How should we determine if a motor bearing’s temperature is abnormal under actual working conditions?
I. Standards for Bearing Temperature
Typically, most motor engineers will make judgments according to some corresponding national standards. Some common motor temperature standards are as follows:
1. GB3215-82 4.4.1: During pump operation, the maximum bearing temperature should not exceed 80°C.
2. JB/T5294-91 126.96.36.199: The rise in bearing temperature should not exceed the ambient temperature by 40°C, the maximum temperature should not exceed 80°C.
3. JB/T6439-92 4.3.3: When the pump is running under specified conditions, the external surface temperature of the internal bearing should not be more than 20°C above the temperature of the conveyed medium, and the maximum temperature should not exceed 80°C. The external surface temperature of the external bearing should not rise more than 40°C above the ambient temperature. The maximum temperature should not exceed 80°C.
4. JB/T7255-94 5.15.3: Bearing operating temperature. The rise in bearing temperature should not exceed the ambient temperature by 35°C, and the maximum temperature should not exceed 75°C.
5. JB/T7743-95 7.16.4: The rise in bearing temperature should not exceed the ambient temperature by 40°C, and the maximum temperature should not exceed 80°C.
6. JB/T8644-1997 4.14: The rise in bearing temperature should not exceed the ambient temperature by 35°C, and the maximum temperature should not exceed 80°C.
II. How to Determine Abnormal Bearing Temperatures
However, in engineering practice, can we solely rely on these national standards to determine if they’re completely aligned with actual conditions?
For instance, we frequently encounter the following questions in practice:
The standards mention 75 ℃ and 80 ℃, which one should I choose?
Is it correct to declare a problem as soon as the motor operating temperature exceeds the standard? For example, if the standard is 80 ℃, and the motor bearing temperature is consistently at 82 ℃, should we necessarily conclude there’s an issue?
I’ve seen many articles that directly apply national standards verbatim. Quite a few perspectives use a single temperature “redline” as the benchmark for determining whether bearing temperatures are abnormal. From many years of engineering practice, I believe such rigid application is inappropriate.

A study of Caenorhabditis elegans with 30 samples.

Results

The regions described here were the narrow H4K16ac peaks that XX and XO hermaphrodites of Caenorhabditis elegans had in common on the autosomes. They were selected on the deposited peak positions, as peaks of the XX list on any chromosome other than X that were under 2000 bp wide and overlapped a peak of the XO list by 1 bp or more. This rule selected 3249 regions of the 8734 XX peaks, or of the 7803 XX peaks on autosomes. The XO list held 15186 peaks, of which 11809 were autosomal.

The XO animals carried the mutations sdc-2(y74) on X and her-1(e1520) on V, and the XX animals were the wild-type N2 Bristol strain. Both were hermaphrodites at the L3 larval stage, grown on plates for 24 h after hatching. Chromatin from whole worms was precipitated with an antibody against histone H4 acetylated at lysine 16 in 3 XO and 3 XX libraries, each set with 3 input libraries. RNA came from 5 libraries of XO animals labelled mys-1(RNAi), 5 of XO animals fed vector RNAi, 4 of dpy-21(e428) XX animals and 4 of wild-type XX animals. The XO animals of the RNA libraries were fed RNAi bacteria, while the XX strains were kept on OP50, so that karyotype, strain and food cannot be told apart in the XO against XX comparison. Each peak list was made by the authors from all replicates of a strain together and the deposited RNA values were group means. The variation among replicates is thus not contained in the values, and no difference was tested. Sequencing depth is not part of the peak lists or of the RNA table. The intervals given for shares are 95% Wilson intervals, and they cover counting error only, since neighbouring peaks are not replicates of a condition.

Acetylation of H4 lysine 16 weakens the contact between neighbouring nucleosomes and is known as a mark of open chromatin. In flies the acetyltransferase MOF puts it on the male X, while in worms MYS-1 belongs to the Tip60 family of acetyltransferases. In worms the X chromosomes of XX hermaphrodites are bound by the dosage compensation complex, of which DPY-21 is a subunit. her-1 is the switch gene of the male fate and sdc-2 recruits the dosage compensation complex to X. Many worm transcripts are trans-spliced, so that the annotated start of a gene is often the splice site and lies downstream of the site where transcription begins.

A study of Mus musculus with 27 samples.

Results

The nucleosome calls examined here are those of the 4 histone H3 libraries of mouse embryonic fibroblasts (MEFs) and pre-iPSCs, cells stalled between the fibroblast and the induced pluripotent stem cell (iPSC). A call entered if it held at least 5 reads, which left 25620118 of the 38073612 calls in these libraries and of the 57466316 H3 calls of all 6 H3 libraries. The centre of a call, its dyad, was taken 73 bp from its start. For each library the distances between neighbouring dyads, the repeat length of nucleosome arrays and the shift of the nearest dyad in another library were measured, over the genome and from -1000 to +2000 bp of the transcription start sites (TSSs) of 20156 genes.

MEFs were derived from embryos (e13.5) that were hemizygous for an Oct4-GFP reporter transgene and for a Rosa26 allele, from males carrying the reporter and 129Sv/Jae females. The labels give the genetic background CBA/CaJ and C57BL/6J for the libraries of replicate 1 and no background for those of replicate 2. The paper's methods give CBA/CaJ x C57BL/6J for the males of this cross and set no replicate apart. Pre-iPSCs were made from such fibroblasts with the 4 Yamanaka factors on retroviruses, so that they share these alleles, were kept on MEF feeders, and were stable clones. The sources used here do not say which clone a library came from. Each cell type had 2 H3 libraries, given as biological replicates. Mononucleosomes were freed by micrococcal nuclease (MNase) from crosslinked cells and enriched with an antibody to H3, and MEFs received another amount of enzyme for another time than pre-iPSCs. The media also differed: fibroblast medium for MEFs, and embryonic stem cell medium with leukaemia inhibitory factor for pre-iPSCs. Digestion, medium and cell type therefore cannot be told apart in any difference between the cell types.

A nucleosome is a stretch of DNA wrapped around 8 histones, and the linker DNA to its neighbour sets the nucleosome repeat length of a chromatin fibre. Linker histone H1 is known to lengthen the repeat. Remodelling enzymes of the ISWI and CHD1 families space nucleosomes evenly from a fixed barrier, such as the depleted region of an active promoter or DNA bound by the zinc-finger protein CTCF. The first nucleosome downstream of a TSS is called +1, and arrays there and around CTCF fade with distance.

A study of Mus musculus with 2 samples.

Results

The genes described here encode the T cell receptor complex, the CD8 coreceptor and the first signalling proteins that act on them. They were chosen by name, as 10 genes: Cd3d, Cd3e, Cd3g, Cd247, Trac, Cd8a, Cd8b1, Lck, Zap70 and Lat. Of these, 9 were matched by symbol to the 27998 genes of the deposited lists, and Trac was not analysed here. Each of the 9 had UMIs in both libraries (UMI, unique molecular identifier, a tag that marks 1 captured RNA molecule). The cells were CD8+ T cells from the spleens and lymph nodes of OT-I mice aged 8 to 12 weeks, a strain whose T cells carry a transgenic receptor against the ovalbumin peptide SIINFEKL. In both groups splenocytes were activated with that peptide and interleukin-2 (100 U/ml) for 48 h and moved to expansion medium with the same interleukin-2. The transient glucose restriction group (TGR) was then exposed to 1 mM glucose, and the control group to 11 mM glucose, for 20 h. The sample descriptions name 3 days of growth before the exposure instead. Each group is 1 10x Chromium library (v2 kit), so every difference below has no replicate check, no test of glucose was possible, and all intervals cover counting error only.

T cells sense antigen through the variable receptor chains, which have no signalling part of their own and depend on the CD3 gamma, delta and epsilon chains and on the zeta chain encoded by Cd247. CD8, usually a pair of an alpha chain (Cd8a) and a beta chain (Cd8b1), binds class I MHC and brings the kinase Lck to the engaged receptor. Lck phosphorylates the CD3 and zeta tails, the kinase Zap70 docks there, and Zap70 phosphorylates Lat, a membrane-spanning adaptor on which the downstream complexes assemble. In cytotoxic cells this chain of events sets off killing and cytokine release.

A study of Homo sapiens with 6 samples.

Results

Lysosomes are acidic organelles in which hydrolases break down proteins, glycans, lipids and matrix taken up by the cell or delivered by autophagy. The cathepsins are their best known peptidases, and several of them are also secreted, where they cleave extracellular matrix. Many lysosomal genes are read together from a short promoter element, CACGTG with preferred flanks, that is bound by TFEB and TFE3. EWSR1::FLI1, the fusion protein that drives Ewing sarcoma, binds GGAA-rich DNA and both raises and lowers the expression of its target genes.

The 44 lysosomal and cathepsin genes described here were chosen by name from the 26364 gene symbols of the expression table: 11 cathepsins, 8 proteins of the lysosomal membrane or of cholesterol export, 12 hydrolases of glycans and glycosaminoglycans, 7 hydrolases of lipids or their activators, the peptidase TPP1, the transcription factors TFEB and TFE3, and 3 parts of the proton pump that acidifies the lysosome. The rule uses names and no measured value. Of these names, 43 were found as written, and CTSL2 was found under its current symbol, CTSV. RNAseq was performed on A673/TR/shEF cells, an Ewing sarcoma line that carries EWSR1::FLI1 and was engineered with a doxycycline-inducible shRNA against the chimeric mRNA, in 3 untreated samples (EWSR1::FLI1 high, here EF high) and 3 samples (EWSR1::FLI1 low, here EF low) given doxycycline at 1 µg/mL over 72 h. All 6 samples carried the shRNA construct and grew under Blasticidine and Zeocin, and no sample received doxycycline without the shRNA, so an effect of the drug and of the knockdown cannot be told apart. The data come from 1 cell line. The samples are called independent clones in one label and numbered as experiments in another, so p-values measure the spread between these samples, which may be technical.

Firstly, national standards come with certain environmental prerequisites. The actual engineering environment requirements differ from those stipulated by the national standards.
Secondly, national standards provide guidelines for common situations. The bearing’s stress and heat dissipation vary under different circumstances. Add potential bearing design, installation, and usage issues into the mix, and a host of complications arise in applying these standards.
That’s why when I discuss bearing temperatures, I don’t directly address judgment criteria. Instead, I start from basic concepts of bearing temperatures and temperature distribution. Understanding these basic concepts allows for more rational and practical judgments on whether a bearing temperature is abnormal or not.
III. Anomalous bearing temperature is a comprehensive judgment
Therefore, I generally recommend using national standards to assess motor bearing temperatures, but it’s crucial to make an integrated judgment by considering the temperature difference between the bearing and surrounding components, as well as the bearing’s own temperature distribution. This approach can help avoid or explain the following issues:
The motor bearing temperature has not exceeded the limit, but a sudden drastic change in temperature causes bearing burnout.
The motor bearing temperature has not exceeded the limit, but localized high temperatures lead to bearing burnout.
The motor bearing temperature has exceeded the limit, yet the bearing operates stably without issues.
In a high-temperature environment, the motor bearing temperature exceeds the limit, triggering frequent alarms.
The motor is overheating severely, the bearing temperature consistently exceeds the limit, and changing bearings doesn’t help.
Of course, up to this point, we’ve only discussed how to identify anomalies. The reasons causing these anomalies will gradually unfold in the future!
In summary, assessing anomalies in motor bearing temperatures should not rigidly adhere to certain national standards. It requires a comprehensive understanding of basic bearing temperature knowledge and making judgments based on surrounding circumstances. At the same time, it’s important not to overlook national standards.